There’s more to it than Pinterest lets on
If when you hear the term “blogging” your brain conjures up images of Pinterest-worthy DIY projects and plandid photos of designer outfits, then I have news for you: It’s time to shift your perspective.
Though a good portion of the blogging market is made of of lifestyle and fashion blogs, blogging as a medium packs a ton of marketing benefits for any industry … especially for freelance writers.
Whether you’re just starting to look for your first freelance client or you’re a veteran full-timer, here are 5 reasons every freelance writer should have a blog.
1. It’s a good workout
Chances are you’ve heard that the writing part of your brain is like a muscle — you need to exercise it regularly to stay in shape. That concept has spawned thousands of articles and blog posts about why you should (or shouldn’t) write every day, and while I’m a firm believer in taking a day off now and then, the idea remains the same:
You can’t be great at something without practice.
You can have a natural talent for putting words together, but if you don’t practice and actively work toward improving that skill, you’re not going to get any better. And if you never get any better, you’ll never be able to attract better clients or charge better rates.
So if you’re serious about being a freelance writer, you need to make blogging a priority.
2. It keeps your creativity flowing
When you write for a living it can be easy to fall into a habit of writing a certain way … that that way isn’t always the most creative.
Most of my client blogs tend to fall into the pattern of a 3–4 sentence intro, 5–7 body sections of 3–4 paragraphs each, and then a 2–3 sentence conclusion.
And while this pattern has proven to be effective in marketing my clients’ services, it’s a formulaic approach that can leave me feeling as though I haven’t really created anything new.
Running your own blog gives you space to be creative with voice, tone, structure, topic, and more. It’s a necessary outlet that you’re unlikely to find while writing for a plumber or an oral surgeon (and yes, I’ve written for both).
3. It positions you as an expert
If you want to be taken seriously as a freelance writer, you need to practice what you preach.
You can know everything there is to know about SEO or content marketing, but if clients don’t see you putting that into practice on your own, they may doubt your ability to implement those strategies for them.
If you write to boost clients’ SEO, your own blogs should follow SEO best practices. If you want to sign more content marketing clients, your blog should market your services as a writer.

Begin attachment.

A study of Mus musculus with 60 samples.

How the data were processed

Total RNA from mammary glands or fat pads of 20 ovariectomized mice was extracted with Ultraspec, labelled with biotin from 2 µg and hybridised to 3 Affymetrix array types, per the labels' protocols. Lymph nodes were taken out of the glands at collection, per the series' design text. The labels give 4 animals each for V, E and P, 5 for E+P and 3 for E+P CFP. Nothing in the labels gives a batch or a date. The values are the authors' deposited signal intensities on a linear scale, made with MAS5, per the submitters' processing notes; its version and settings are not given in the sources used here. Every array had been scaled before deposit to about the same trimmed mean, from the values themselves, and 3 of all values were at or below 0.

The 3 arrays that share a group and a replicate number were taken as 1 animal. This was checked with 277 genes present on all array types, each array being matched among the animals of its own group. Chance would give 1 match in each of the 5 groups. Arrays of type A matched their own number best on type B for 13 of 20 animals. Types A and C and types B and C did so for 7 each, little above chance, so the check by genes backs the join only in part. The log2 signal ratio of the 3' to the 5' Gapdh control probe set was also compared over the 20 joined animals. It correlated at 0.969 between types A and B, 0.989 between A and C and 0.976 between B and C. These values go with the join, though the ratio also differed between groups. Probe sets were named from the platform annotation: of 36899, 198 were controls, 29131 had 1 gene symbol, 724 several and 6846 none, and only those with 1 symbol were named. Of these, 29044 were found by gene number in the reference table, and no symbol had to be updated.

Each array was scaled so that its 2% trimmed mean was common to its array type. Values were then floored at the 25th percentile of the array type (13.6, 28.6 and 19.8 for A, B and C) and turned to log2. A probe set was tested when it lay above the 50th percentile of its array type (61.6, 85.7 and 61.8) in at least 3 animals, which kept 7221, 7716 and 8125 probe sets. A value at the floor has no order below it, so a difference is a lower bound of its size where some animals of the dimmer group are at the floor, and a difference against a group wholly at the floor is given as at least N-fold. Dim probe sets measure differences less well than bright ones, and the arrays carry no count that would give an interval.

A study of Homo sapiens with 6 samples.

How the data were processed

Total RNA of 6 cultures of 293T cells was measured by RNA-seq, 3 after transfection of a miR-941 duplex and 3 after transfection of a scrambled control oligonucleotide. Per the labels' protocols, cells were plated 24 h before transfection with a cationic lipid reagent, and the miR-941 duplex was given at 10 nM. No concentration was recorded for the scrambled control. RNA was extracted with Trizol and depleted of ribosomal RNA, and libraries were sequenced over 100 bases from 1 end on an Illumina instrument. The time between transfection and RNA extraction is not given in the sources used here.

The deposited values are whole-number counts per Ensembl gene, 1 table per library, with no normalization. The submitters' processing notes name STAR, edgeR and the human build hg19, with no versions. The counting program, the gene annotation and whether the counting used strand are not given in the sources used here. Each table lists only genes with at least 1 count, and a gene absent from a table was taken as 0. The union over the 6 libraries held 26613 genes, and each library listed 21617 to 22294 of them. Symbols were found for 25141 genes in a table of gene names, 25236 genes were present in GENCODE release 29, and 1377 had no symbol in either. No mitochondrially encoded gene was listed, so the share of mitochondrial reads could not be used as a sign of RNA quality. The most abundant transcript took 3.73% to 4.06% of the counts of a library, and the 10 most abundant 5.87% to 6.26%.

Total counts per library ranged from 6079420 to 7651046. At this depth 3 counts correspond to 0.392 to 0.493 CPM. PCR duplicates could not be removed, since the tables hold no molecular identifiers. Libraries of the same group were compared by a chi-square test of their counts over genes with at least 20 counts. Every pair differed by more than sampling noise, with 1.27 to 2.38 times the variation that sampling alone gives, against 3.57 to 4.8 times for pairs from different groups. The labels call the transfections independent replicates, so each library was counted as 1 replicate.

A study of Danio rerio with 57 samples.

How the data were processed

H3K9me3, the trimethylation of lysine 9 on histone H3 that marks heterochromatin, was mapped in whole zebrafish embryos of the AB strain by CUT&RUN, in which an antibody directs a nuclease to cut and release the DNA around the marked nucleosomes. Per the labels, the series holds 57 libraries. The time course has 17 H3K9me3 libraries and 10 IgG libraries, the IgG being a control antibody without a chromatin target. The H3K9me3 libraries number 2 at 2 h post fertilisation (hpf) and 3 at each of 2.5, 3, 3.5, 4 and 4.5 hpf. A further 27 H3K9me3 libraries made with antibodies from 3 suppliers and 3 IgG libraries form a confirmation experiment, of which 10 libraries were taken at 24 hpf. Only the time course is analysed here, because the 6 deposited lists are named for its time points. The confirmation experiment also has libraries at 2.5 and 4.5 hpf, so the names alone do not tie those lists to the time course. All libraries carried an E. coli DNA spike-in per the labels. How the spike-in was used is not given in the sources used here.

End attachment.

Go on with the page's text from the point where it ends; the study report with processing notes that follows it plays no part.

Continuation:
The more of these posts you rack up on your blog, the more authority you wield as an expert in your industry. That status not only helps with personal branding efforts, but also attracts better clients that are more willing to pay big bucks for what you do.
4. It serves as work samples
I can’t count the number of times I’ve gotten a job offer or freelance gig because someone saw my blog, liked my writing style, and wanted that for their business.
In fact, back in the day I landed my very first marketing job (writing SEO blogs for a marketing agency’s mom-and-pop clients) by submitting samples from the lifestyle blog I ran in college.
Write content that attracts the kind of people you want to work with. If you want to write marketing content for the healthcare industry, blog about how pediatricians can promote their practices better. If you want to write resumes for new college grads, blog about which job search sites are the best for each industry.
This gives your potential clients a taste of what they’re signing up for and usually eliminates that extra step of sending and reviewing writing samples if they do want to work with you.
5. It provides value to your niche
Chances are your take on things is slightly different from others within your niche. Sharing that unique perspective by blogging about it adds value to the conversation and helps you stand out from the competition — especially if you can find a new angle on a popular topic.
Here’s the thing about adding value: 74% of buyers choose the company (or freelancer) who was the first to do just that.
That value keeps readers coming back for more each time you publish something, which helps you start to grow a following as a freelance writer. And that following comes in clutch if you ever want to write for bigger publications like Inc or Forbes.